Earlier this month I posted a sneak peak of my awesome Paradise Helicopters Tour from Ka’u to Hilo (I say awesome again, though I banned myself from describing anything with that word because I said it too often during our flight). As promised, here is a more detailed look into the hour-long tour.
I boarded the ‘copter at the new Ka’u Coffee Mill. The visibility was poor that day because of rain and that dreaded word that rhymes with dog, but luckily it cleared up, just for us.
After we strapped on our safety packs and Paradise President Cal Dorn led us through a pre-flight safety brief, we were on our way. I and my fellow passengers donned our miked headsets, which muted the noise and allowed Cal to very naturally explain what we were seeing. I could also speak to Cal through my microphone as well as to my fellow passengers which made for a fun and naturally interactive tour.
First we cruised over the Ka’u coffee and macadamia nut farms, viewed the fast-growing commercial eucalyptus forest, and then had a rare glimpse of Pahala town, surrounded by macadamias.
Then we were off to the lava, an experience which transformed me into a helicopter tour believer. Never before had I seen the transition from old to new land in such a sweeping way, clearly viewing old and new flows that once poured into the sea and shaped this portion of the Big Island.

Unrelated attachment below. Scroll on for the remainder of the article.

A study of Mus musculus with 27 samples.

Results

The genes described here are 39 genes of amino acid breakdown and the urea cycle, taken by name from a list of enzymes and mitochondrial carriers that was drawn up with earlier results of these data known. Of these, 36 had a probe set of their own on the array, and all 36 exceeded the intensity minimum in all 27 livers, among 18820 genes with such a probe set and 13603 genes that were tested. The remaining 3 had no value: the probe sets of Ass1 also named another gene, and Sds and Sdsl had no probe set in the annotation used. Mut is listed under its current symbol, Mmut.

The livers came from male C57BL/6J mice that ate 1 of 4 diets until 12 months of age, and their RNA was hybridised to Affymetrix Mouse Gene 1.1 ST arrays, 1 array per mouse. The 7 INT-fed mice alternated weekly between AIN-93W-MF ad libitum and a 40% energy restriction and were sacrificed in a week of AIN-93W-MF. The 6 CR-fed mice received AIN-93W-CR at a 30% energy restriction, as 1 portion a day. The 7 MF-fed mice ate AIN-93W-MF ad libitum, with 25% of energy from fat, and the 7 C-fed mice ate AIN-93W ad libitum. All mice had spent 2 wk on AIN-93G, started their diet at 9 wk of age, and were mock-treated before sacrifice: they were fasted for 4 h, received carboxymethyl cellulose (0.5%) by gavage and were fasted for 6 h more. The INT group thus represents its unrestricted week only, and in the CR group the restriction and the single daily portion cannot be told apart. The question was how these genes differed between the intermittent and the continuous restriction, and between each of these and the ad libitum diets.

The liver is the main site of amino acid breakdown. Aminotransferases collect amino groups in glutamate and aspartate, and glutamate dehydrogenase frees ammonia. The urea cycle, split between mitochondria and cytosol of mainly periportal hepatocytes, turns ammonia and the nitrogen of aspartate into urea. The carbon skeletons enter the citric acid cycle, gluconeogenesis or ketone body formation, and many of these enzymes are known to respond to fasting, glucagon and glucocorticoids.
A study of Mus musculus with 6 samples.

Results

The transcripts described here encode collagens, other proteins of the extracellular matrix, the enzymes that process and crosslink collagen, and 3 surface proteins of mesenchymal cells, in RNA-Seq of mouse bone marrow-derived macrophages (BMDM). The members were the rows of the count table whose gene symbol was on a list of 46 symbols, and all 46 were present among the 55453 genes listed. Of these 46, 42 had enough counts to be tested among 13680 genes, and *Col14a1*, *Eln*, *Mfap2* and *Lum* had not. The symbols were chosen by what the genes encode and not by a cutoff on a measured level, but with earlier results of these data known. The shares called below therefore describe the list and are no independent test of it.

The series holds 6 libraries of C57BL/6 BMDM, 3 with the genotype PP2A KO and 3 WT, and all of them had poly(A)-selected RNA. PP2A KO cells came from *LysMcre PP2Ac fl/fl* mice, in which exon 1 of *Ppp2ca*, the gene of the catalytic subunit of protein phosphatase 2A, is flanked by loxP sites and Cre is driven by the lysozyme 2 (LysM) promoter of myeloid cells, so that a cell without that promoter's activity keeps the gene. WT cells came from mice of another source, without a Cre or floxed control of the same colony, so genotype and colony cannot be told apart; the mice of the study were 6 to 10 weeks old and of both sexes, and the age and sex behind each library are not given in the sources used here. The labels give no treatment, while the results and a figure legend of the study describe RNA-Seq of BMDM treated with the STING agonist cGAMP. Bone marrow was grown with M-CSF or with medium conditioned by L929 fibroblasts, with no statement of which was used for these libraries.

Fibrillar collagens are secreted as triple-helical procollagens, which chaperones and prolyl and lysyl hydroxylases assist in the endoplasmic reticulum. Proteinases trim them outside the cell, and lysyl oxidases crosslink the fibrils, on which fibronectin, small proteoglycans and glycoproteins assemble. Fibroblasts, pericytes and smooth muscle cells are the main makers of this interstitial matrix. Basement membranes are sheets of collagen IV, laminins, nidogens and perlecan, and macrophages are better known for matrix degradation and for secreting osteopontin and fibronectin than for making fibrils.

Just a few days earlier, on April 30, lava was reportedly flowing into the sea at Kalapana, and from a distance you could witness the steam rising in a plume and heading mauka as if it were a beacon. As we flew closer, through crashing waves a crimson glow could be glimpsed (better with the eyes than with a camera shutter), and a shelf of black lava pounded by fire and water rested beneath us. It was simply captivating.
The charred land and aquamarine sea were enmeshed with ivory steam; the surrounding land lay quiet, burning in silence underneath. As we flew toward Hilo we luckily caught a burst of molten lava as it began pouring onto a silvery lake of recent flows (that was in my sneak peak). Had Cal not been there at that time, we’d never have known it had just happened.
We scouted the area looking for more bursts, and I was able to capture these smoldering veins as we inhaled the sulfur and felt the heat for a few seconds more.
Soon the lava “gave way” to green as we crossed over the Hilo rainforest. I had no inkling of how broad its reach, and how avocado green its canopy.
An hour passed in a blink, and we arrived at Hilo airport with a seamless landing. Having flown planes as a teenager, I was dying to get into the cockpit, which the kind Cal allowed me to do–just for a moment. And then I was off to my next adventure–a volcano park tour guided by the humble and knowledgeable Warren Costa of Native Guide. But I made a promise to myself to get up in the air again as soon as I could–preferably with Cal as my pilot.